Using the Real Estate Market Cycle to Your Advantage
Like many other markets, the real estate market goes in “peaks” and “valleys” where property values are very high (the peaks) and very low (the valleys); this is done in a repeating cycle. Now, most readers will likely remember the Great Recession of 2007-2009 when all the property values were in the toilet, people were being foreclosed upon left and right, and people were desperate for buyers for their homes.
Now, this may sound like doom and gloom to you, but it’s not always a bad thing if you play your cards right. However, many agents were too scared in the recession, and got out of the business for more secure, 9-5 jobs that paid a consistent wage. Some agents, like Robert and Carolee Rico, did not let the state of the market discourage them - they just pivoted and changed their business model.
The real estate life cycle follows a pattern that is caused by four phases:
Before the recession, values were going up, houses were selling quickly, and it was easy to buy a home for the first time or “upgrade” to a bigger home. This was an increasing market, and it was extremely lucrative to go after sellers, because listings were the guaranteed source of income and it was easy to sell a home. This led up and up, eventually leading to the market peak, where values hit their high and started to decline. This meant that people were “upside down” on their houses, which means that they owe more on the loan, than what the house is worth. Therefore, many people stopped making their house payments and allowed the lender to foreclose on them, or take the property back. This kicked off an enormous recession, the biggest in the US since the Great Depression.
In a recession or depression, the supply is high, and the demand is low. This drives down value, due to basic economic theory. People are unable to pay their bills, due to low demand for their services or labor, and not making enough money. So how are people supposed to buy a house?
Well, one of the facts of the Great Recession was that there were certain sectors of the economy that were actually doing well - and these people were some of the few with money and liquid assets during the Recession. They were able to buy houses, and they were able to get some killer deals on them too! Some Real Estate Agents thought, instead of focusing on the scarce seller’s market, why not focus more on the buyer’s side and help the buyers out there, find the home of their dreams at a steal of a price? The inventory was ample and, although much of the homes were damaged from deferred maintenance, they were mostly restorable through some construction and labor efforts.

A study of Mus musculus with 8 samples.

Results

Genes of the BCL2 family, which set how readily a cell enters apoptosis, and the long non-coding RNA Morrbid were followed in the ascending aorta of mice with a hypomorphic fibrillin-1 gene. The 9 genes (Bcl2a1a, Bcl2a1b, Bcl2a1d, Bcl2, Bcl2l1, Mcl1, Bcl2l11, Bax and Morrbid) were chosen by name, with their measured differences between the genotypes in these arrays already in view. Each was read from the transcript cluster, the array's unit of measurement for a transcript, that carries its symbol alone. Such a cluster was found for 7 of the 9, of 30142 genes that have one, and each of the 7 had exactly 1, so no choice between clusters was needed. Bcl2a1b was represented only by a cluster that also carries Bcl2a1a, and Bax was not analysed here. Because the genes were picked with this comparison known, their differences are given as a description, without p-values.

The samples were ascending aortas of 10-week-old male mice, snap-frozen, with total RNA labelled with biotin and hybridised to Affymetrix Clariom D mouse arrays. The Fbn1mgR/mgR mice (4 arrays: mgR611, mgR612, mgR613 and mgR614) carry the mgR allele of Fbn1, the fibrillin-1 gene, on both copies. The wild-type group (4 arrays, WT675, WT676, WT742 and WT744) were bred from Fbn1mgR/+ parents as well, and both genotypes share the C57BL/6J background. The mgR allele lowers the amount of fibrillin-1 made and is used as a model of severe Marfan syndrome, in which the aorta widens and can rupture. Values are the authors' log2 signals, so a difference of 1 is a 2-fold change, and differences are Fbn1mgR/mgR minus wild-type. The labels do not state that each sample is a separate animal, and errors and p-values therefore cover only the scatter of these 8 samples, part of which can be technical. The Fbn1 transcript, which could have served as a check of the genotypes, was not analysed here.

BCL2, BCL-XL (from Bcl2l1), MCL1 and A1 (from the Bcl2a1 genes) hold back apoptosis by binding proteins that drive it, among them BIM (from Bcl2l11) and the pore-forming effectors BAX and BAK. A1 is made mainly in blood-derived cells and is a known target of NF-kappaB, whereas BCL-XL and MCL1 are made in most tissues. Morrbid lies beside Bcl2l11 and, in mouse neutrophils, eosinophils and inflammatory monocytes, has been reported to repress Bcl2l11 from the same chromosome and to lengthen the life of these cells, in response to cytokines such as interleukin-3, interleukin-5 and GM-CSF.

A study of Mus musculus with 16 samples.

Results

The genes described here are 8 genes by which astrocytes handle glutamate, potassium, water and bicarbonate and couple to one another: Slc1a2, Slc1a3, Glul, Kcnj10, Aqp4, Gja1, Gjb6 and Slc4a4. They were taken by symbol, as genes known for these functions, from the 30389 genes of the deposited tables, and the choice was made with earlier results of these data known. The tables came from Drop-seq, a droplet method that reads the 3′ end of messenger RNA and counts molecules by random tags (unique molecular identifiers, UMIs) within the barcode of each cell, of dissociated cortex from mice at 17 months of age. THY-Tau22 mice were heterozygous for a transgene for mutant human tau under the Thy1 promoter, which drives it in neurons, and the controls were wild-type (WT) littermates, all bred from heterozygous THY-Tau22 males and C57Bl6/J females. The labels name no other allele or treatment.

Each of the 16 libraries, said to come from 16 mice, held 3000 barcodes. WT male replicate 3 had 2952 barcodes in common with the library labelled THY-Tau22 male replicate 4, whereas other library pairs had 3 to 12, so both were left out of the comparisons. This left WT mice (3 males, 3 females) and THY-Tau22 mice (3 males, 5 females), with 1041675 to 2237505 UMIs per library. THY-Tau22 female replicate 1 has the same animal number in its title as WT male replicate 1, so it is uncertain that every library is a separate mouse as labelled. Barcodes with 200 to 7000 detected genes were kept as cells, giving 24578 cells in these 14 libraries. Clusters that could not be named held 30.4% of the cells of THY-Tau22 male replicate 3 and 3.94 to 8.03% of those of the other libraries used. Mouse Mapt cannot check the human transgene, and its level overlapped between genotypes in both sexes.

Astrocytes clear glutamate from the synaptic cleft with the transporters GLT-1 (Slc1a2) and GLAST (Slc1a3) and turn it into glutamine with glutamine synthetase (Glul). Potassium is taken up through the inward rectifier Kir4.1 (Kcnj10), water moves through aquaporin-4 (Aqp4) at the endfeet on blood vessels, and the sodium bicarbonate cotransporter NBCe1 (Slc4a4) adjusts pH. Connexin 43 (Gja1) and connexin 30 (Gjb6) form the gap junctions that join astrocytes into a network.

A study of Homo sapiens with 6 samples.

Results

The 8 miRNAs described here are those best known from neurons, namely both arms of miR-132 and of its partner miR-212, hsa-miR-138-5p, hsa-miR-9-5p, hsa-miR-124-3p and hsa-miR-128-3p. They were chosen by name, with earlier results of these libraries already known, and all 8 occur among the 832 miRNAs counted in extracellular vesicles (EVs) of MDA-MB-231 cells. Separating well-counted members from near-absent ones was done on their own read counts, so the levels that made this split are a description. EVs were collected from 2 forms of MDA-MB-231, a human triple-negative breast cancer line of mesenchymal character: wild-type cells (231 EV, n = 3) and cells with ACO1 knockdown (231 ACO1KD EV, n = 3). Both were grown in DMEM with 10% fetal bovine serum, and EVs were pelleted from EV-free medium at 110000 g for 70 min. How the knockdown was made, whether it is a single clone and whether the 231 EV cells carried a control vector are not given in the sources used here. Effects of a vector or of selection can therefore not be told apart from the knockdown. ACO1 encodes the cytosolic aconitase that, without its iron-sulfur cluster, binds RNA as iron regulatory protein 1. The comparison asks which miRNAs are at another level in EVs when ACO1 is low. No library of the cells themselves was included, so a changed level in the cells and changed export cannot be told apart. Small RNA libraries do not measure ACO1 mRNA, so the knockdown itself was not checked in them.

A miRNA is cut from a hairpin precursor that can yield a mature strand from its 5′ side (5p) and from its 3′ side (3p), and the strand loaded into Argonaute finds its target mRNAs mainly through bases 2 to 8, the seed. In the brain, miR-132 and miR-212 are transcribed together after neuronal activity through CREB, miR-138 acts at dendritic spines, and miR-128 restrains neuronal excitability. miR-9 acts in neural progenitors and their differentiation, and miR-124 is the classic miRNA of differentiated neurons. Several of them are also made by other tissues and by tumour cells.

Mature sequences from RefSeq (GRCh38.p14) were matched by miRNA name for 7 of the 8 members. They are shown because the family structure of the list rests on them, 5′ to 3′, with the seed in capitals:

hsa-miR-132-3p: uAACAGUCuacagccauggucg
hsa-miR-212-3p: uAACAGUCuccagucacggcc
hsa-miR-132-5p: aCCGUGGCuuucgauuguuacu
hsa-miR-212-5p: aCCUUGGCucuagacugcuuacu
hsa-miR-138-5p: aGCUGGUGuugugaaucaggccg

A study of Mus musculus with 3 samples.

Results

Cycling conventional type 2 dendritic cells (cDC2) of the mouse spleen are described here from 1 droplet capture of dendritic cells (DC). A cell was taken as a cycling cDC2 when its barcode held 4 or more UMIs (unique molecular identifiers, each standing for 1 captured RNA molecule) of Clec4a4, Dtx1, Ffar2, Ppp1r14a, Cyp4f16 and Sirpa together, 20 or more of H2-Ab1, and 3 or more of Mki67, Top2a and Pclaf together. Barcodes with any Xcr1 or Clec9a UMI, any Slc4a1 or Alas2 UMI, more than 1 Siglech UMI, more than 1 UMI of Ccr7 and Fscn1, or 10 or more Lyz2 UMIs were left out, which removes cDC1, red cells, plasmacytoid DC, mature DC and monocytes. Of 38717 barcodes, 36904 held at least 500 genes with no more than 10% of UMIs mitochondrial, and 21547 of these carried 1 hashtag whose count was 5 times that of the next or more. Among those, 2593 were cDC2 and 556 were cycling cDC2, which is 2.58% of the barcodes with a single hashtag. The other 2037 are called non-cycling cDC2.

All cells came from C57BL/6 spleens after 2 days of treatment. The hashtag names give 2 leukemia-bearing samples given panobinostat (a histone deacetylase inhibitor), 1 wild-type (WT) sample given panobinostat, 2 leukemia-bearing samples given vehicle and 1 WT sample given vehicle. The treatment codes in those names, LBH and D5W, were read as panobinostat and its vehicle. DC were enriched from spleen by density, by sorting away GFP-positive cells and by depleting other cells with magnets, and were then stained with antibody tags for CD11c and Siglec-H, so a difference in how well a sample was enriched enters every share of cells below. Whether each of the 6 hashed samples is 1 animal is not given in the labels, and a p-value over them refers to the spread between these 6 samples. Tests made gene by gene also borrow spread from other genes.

As the market slowly recovers, usually through some sort of government intervention, the general public has a little more money to spend and can consider purchasing homes again. At this point, it’s still very good to be a buyer’s agent, but there are going to be a few more listings coming on the market. People are always going to need to sell their homes, and as the market recovers, more and more people will want to sell their homes as well.
The drawback to being a buyer’s agent, of course, is that it’s much more active work (day to day) than being a seller’s agent. If you’re a seller’s agent, once you’ve put the home on the MLS and set up the advertising, you can take days off and just be available on your cell phone! If you’re the buyer’s agent, however, you are going to be more active -- looking for new MLS listings, driving the neighborhoods looking for FSBOs, and communicating constantly with your buyers.
After the market has recovered a little bit more, it will bypass a certain threshold, and the market will now be in “expansion” mode -- when the economy is growing. This means that more construction will start, and the existing housing will be fuller. This raises values, which means it’s becoming a better and better time to be a seller’s agent. More and more people will want to sell, so you can secure listings and earn income in a reasonable manner. If it’s a quick expansion, near the top of the market, home values will soar because the economy is strong. People want to buy homes because they think values will keep increasing, but homeowners want to hold onto their homes for the same reason. At the top of the market, there is very constricted inventory, and a high amount of construction, but a shortage of available homes.
Stability (or Hyper Supply)
Once all the new construction comes available, the market will stable out for the most part -- rents will fall a little from their peak, and values might go down slightly, but for the most part there is a market equilibrium where supply meets demand and everyone is content. However, the downside is that with the new construction, old buildings become less desirable and rent falls on them.
So... the cycle continues... Once rent starts to fall on the older housing stock, rents start to fall in general, and then (due to the cyclical nature of the market) the market begins to trend downward, until it hits the tipping point and starts another recession. As we said, what do we advise you do in this time? Become a buyer’s agent!
Real Estate Agent and Trainer, Robert Rico, explains what a real estate life cycle is, and how to take advantage of the different economic stages. Do you want to see more video blogs? Subscribe here!